Nearly four in 10 senior security decision makers “completely” trust that their organization is well-defended against cyberattacks, Kroll, a global risk and financial advisory solutions consultancy, said in a new study.
However, not only did the organizations in the research suffer an average of five major security incidents in the last year, they also used on average eight cybersecurity platforms. A key factor in that apparent disconnect is that just 24% deploy a managed detection and response (MDR) solution or engage with a managed security service provider (MSSP).
Indeed, outsourcing cybersecurity services is gaining popularity. Nearly all (98%) of those respondents that do not already outsource their cybersecurity services have (or are considering) plans to do so, with 51% intending to in the next 12 months.
Security Tools: Quantity vs. Quality
Kroll concluded that a correlation between the number of security tools and the number of security incidents suggests that trusting security tools alone is an unsound strategy. Having the right tools, and not the number of tools, is an important factor in cyber protection.
Kroll’s 2023 State of Cyber Defense Report: The False-Positive of Trust surveyed 1,000 senior IT security decision makers in Q1 2023 at firms with $50 million to $10 billion in revenue. The global study seeks to understand the levels of organizational trust and how that can have wide-ranging impacts on effectively dealing with cybersecurity challenges.
Pierson Clair, Kroll managing director of cyber risk, commented:
“There is a frequent overestimation in the capabilities of security tools without continued managed response. Of course, this is understandable considering the sheer volume of data that security teams deal with and the number of cyber incidents businesses tackle daily. Security teams want solutions that will fix today’s problems, without appreciating the fact that there is no ‘one-and-done’ solution for an ever-changing landscape.”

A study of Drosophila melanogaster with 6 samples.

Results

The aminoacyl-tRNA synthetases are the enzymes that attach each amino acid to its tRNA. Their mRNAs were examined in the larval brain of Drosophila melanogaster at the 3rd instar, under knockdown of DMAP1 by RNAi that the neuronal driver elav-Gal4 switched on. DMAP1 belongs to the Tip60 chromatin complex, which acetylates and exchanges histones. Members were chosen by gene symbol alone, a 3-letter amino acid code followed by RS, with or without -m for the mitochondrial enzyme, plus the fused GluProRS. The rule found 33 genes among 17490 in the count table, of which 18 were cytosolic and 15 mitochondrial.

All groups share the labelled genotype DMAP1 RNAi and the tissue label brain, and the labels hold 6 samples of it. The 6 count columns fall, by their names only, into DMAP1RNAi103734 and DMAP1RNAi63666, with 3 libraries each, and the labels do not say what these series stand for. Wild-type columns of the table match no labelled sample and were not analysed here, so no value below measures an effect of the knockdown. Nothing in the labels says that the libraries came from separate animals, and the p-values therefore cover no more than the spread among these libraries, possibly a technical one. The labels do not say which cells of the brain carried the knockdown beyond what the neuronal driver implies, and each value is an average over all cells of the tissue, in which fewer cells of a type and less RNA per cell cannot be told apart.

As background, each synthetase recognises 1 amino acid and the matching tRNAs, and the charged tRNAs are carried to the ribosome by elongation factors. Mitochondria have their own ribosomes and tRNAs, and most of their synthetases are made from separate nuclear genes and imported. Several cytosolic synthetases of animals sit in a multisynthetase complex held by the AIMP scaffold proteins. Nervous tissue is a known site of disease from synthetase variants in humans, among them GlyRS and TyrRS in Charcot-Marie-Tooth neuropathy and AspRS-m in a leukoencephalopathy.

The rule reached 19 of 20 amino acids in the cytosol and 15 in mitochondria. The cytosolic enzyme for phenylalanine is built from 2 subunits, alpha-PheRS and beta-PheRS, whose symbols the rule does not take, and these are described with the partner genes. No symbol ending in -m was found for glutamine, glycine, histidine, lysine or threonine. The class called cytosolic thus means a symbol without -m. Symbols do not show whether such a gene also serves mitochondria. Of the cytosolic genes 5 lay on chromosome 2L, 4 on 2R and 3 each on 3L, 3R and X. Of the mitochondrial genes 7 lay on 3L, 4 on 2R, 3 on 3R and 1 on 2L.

Report Finds Trust a Major Issue
Key global findings from Kroll’s research report include:
- 42% of information security decision-makers reported a lack of trust as their biggest challenge. 95% do not believe that senior leadership trusts their security teams to protect their organizations from threats.
- Trust in employees to stop a cyberattack (66%) is ranked higher than the ability of the security team to identify and prioritize security gaps (63%), the accuracy of data alerts (59%), the effectiveness of cybersecurity tools and technologies (56%), and the accuracy of threat intelligence data (56%).
- The higher the average number of platforms used the more cybersecurity incidents organizations have experienced.
- A lack of communication is the most frequent cause for a loss of trust, as reported by 47% of information security decision-makers. 97% reported that they do not have complete trust across all aspects of their organization.
- 98% agree there is a cost to a lack of trust in the workplace, with more complexity being the greatest perceived consequence (37%).
- Only 23% of businesses have cybersecurity insurance. Only 20% of IT and security professionals who say that their security operations are cyber mature have cyber insurance.